Josephine Taylor: dream big!
Josephine was staying at KSP as a 2022 Emerging Writer-in-Residence.
I arrived for my residency fully expecting to be writing without pause for three weeks, imagining I might bust out a whole first draft of my second novel, working title the gene detective. Other writers had done this, after all, and the ideas had been brewing in me for months – even years – this fictional post-apocalyptic world and its feisty protagonist, just waiting for an outlet. But even though I was delighted to be again ensconced in a wonderful KSP cabin, to be alone and in a space provided with the sole purpose of aiding my thinking and writing, the words would not come, and all I could feel and see around me was struggle.
I’d arrived brewing an infection and with low energy levels, and I began antibiotics on the second day of my residency. The house was quiet, with groups only just starting up for the year; summer blasted the hills with wave after scorching wave; full-grown bushes and trees wilted and began to brown; the empty streets and blistering paths gave little solace on my evening walks; even the friendly bottle-o on Old York Road seemed to have shut for good. At times I felt like the only person in a world outside of my reckoning, and when I battled with the writing, tried to force out sentences of my gene detective’s life and narrative struggle, each one only raised more questions. What exactly was the nature of this world in which she lived?
I was getting nowhere.
It wasn’t until towards the end of the first week that I began to surrender, and to realise I had to create a world from scratch, pulling the post-apocalyptic vibe from where I’d projected it onto my surroundings and placing it into words – words that may never end up in the manuscript but which placed the bedrock for what was to come. The work still ground along, snail-paced and each word hard fought, but slowly a world materialised, seventy-five years into the future, and from that grew the first scenes, my gene detective finally living convincingly within the world created.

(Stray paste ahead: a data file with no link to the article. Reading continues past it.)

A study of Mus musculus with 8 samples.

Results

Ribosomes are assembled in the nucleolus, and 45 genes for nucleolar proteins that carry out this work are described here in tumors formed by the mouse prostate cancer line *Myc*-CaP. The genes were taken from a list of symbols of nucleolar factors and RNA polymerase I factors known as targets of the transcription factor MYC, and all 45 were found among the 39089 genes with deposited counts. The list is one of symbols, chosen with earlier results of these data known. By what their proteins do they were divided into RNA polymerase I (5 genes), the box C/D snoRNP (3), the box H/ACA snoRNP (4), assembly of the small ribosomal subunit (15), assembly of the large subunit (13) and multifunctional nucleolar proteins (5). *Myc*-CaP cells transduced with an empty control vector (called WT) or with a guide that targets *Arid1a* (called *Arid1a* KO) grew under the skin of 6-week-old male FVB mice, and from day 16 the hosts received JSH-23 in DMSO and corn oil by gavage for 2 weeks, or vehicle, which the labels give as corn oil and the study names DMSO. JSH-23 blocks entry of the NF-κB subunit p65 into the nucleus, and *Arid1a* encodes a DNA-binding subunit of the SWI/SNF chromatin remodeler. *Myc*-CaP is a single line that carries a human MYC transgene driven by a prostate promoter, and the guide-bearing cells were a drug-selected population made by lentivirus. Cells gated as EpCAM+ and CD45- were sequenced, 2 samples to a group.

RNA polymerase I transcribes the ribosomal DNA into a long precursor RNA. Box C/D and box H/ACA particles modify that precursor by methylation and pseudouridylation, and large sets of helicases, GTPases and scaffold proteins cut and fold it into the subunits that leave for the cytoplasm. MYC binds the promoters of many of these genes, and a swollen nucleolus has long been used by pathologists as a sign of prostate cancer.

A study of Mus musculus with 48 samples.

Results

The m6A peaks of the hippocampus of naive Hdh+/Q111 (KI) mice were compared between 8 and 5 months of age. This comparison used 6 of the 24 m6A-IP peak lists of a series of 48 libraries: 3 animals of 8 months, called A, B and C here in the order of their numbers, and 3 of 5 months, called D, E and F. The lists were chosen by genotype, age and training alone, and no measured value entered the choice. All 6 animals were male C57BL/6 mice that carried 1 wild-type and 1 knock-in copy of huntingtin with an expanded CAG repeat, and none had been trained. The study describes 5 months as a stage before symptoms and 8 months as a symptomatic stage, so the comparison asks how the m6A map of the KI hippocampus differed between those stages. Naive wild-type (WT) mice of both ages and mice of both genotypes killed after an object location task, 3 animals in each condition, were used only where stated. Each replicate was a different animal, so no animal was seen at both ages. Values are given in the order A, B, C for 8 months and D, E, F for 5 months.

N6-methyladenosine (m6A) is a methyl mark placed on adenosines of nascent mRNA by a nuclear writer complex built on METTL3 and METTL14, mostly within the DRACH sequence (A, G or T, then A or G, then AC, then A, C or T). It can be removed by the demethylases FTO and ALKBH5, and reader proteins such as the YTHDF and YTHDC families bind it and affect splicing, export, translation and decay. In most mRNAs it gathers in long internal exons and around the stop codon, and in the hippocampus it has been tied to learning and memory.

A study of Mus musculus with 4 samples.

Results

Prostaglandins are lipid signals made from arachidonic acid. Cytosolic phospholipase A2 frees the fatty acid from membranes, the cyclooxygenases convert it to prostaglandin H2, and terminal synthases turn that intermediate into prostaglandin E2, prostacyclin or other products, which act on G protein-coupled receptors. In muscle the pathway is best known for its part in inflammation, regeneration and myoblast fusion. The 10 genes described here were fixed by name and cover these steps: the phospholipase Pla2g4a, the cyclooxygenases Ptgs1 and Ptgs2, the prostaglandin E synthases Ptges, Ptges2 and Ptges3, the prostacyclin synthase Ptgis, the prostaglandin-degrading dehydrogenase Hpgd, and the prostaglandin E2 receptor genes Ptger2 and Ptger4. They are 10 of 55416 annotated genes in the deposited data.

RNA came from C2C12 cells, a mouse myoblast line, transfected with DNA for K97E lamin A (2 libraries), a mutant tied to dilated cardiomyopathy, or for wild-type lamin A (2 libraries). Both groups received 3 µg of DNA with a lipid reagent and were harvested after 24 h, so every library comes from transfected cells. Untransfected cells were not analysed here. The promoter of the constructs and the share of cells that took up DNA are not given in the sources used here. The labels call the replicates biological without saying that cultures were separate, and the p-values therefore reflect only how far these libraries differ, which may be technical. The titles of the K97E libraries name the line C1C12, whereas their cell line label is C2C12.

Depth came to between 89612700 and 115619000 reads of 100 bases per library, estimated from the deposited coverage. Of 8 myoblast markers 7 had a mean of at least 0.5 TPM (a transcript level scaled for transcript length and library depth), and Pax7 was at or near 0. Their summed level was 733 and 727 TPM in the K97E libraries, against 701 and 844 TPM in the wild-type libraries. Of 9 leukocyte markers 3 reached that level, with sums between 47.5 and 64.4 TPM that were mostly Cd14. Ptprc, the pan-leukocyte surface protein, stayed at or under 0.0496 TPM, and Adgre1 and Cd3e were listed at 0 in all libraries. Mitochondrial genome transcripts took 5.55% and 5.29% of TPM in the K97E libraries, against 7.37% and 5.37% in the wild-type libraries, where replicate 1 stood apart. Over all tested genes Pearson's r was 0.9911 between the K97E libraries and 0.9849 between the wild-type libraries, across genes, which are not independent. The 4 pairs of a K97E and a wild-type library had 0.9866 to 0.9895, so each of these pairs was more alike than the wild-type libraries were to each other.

Now life eased. The second week opened with solid rain; the house came to life with groups, writing and shared feedback; evening walks revisited what was now familiar and comforting; I discovered new cafes and restaurants, replacing those that had disappeared; and my body slowly overcame its lingering infection. In the third week I was joined in the other two cabins by KSP Fellows, and my writing segued into something approaching ‘standard’ process, scenes now opportunities to plant narrative seeds and develop the character of my gene detective, and notes of joy and enthusiasm sounding spontaneously.
It would be easy to say my real writing work began at the beginning of the second week, taking off in the third, but that’s not true. My real work began from the moment I arrived at KSP, in brewing all the feelings and experiences needed to create a complex and convincing world. In fact I’d say that Katharine’s Place gave me exactly what I needed in my creative process. If this blasted grimy world and my gene detective’s experiences were going to be a struggle, it had to come from me. I had to know it, feel it, for the world and narrative I was creating to be both plausible and compelling.
So I’m grateful for the struggle and its aftermath, and grateful to KSP for every moment, difficult or joyous – viva the writing life!
Writing practice top ten tips:
1. Trust your creative process, even if (especially if!) it involves struggle.
2. Believe in your capacity to create a substantial work.
3. Believe in what you are writing – the world and characters you are creating.
4. Prioritise your primary writing project ahead of other work, including writing or editing.
5. Take regular walks or equivalent exercise; there’s something about rhythm that loosens words and
6. Only share your ongoing project with one or two trusted people to avoid confusion.
7. Allow your primary project the time it needs
8. Write what you want to write, not what you think will be popular or marketable.
9. Turn off external distractions and notifications during dedicated writing periods.
10. Dream big! You can follow Josephine on instagram.